Speed Review: Athena Rising

Speed Review: Athena Rising

How and Why Men Should Mentor Women

by W. Brad Johnson & David Smith

Athena Rising is a straightforward, no-nonsense manual for helping men of all institutions, organizations and businesses to become excellent mentors to women. Co-authors W. Brad Johnson, PhD and David Smith, PhD draw from extensive research and years of experience as experts in mentoring relationships and gender workplace issues. Men need to fully appreciate just how crucial their support of promising junior women can be. As women succeed, lean in, and assume leading roles in any organization or work context, that culture will become more egalitarian, effective, and prone to retaining top talent.

Review

Despite its hierarchical command structure, readers of business and leadership books will know that the military can be a surprisingly progressive institution. A new book from two professors from the U.S. Naval Academy continues the tradition of daring and innovating leadership thinking emerging from the armed forces. Athena Rising is a book about mentoring women that is specifically intended for men. According to the two (male) authors — Brad Johnson is a professor of psychology while David Smith is an associate professor of sociology — men in the workplace have an obligation to mentor women and are failing badly.

If Not Men, Who?

Johnson and Smith argue that men need to step up for the simple reason that men are in a better position to mentor high-potential women leaders. The legacy of male domination in business and other domains means that currently there are many more men in positions of authority who can help women with their careers.

An extreme example of this situation is the efforts of Virginia Brodie, a second lieutenant in the United States Marine Corps. Although only 5 feet 2 inches tall, Brodie decided that she would be one of the first female Marine officers in a combat leadership role in the history of the corps. The authors detail the various men — starting with her father and including a highly supportive classmate, many of the male officers and professors at the Naval Academy and even her rowing coach — who helped Brodie achieve her goal. “As she reflects on the people who inspired, affirmed, prepared and championed her to be one of the first women ever to enter the ranks of Marine Artillery, Virginia is acutely aware that her success is due to more than her own grit and singular determination,” write the authors. “In Virginia’s mind, her success is also due to men who have mentored her at critical moments along the way.”

Unfortunately, the authors write, a number of issues are making men reluctant to become mentors to women. “The elephant in the room,” as the authors call it, is the issue of sexual attraction (and the authors are clear that the problem is men being attracted to women and not the other way around). In a frank and fascinating chapter, the authors declare that it’s time for men to be “thoughtful cavemen.” In other words, even if biology (including neurobiology) and socialization might conspire to focus men on the physical attractiveness of women, there is no reason or excuse that men cannot set aside such thoughts and focus instead on what is important in the context of work.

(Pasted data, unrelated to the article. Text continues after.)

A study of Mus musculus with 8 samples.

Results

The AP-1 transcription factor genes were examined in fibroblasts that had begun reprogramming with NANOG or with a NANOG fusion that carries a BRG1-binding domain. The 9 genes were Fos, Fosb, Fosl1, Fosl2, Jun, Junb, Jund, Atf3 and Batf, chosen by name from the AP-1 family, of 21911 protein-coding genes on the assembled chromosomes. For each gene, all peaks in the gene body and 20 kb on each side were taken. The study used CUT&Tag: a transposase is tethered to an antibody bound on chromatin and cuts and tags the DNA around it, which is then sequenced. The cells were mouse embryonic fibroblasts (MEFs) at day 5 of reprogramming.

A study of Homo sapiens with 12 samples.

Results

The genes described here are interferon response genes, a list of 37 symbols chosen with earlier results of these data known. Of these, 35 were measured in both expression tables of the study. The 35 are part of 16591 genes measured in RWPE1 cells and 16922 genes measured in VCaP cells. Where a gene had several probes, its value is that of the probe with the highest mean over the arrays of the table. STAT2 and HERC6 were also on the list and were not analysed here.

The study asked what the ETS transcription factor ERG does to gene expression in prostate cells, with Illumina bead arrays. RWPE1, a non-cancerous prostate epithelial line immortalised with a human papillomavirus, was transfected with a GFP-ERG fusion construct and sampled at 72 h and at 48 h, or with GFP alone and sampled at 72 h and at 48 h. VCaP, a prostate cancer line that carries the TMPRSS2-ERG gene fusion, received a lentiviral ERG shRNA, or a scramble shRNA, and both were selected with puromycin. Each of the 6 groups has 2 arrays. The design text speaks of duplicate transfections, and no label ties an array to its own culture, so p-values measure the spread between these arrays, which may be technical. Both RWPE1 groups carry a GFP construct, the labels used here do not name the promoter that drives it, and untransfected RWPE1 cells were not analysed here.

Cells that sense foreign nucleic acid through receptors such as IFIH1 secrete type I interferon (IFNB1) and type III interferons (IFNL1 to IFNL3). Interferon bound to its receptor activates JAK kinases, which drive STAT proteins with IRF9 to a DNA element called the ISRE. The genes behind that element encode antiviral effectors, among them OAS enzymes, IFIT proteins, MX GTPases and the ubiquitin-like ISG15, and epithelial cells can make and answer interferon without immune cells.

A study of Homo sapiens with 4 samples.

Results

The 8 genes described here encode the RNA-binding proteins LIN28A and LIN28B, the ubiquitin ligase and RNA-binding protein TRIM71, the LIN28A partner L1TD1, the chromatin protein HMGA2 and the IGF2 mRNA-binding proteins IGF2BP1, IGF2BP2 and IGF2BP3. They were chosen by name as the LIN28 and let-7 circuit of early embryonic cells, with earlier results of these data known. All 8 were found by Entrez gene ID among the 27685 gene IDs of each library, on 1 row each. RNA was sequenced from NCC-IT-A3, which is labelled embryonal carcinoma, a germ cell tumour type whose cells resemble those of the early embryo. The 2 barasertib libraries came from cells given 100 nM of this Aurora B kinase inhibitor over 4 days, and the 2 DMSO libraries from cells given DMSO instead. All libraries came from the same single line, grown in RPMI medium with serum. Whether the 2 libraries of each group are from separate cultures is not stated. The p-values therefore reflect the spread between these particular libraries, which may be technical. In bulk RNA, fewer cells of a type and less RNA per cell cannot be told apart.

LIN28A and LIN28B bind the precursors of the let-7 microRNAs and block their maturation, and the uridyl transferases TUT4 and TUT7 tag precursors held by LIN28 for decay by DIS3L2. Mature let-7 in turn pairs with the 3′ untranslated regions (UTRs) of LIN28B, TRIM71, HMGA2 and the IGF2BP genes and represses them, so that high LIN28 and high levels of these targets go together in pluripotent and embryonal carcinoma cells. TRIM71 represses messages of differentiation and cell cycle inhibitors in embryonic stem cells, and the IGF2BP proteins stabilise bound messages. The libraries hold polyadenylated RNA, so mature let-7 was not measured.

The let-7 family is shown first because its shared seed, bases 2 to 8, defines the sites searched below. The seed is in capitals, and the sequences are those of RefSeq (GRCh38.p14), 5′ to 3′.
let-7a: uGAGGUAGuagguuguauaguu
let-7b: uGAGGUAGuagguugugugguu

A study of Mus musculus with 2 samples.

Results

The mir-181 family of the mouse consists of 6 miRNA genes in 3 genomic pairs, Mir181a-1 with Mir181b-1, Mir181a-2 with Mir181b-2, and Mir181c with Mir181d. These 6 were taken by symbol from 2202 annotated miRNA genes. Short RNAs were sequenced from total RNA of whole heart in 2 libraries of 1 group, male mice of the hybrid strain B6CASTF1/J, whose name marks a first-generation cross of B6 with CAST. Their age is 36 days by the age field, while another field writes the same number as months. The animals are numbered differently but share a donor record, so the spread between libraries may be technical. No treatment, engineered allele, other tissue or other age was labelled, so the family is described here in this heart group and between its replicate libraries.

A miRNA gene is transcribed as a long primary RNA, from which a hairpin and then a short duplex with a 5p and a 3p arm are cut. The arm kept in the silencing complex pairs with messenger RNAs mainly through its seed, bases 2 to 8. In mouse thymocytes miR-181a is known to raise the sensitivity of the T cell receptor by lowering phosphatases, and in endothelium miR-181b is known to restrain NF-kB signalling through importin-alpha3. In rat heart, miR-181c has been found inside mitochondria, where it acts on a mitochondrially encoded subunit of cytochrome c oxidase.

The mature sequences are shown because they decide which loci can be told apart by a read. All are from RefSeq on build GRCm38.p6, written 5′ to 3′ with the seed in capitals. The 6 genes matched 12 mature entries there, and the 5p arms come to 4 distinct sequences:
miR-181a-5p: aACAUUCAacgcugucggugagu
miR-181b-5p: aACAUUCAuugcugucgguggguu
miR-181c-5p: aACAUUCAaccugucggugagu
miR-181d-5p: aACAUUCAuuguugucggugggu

46 Things To Do Right

Having put all of the issues, including the uncomfortable ones, on the table, the authors lay out in the second part of the book exactly how men should become better mentors. The specific recommendations within the chapters are numbered, with the numbering moving from chapter to chapter. The end result is a “manual” with 46 steps for men to become successful mentors of women.

In this section, the authors focus on how men can help women in the areas of personal growth and professional growth. First, however, they start with a chapter on preliminaries, such as “#2. Confront your own gender biases.” In a subsequent chapter, they guide their male readers in developing better relationships with the women they want to mentor (e.g., #9. Listen and #10. Let her decide rather than making assumptions).

The chapters on professional growth (e.g., #27. Brag about her in public, correct in private), personal growth (e.g., #37. Champion her assertiveness) and a final chapter on what not to do (e.g., #43. Don’t be a benevolent sexist) close out this straightforward, no-nonsense and practical guide. A remarkable book, Athena Rising benefits greatly from the in-depth knowledge of its authors (both have contributed numerous journal articles and book chapters in their fields and reference a variety of sources in their book) and, just as important, from their clear-headed, no-holds-barred honesty about gender issues.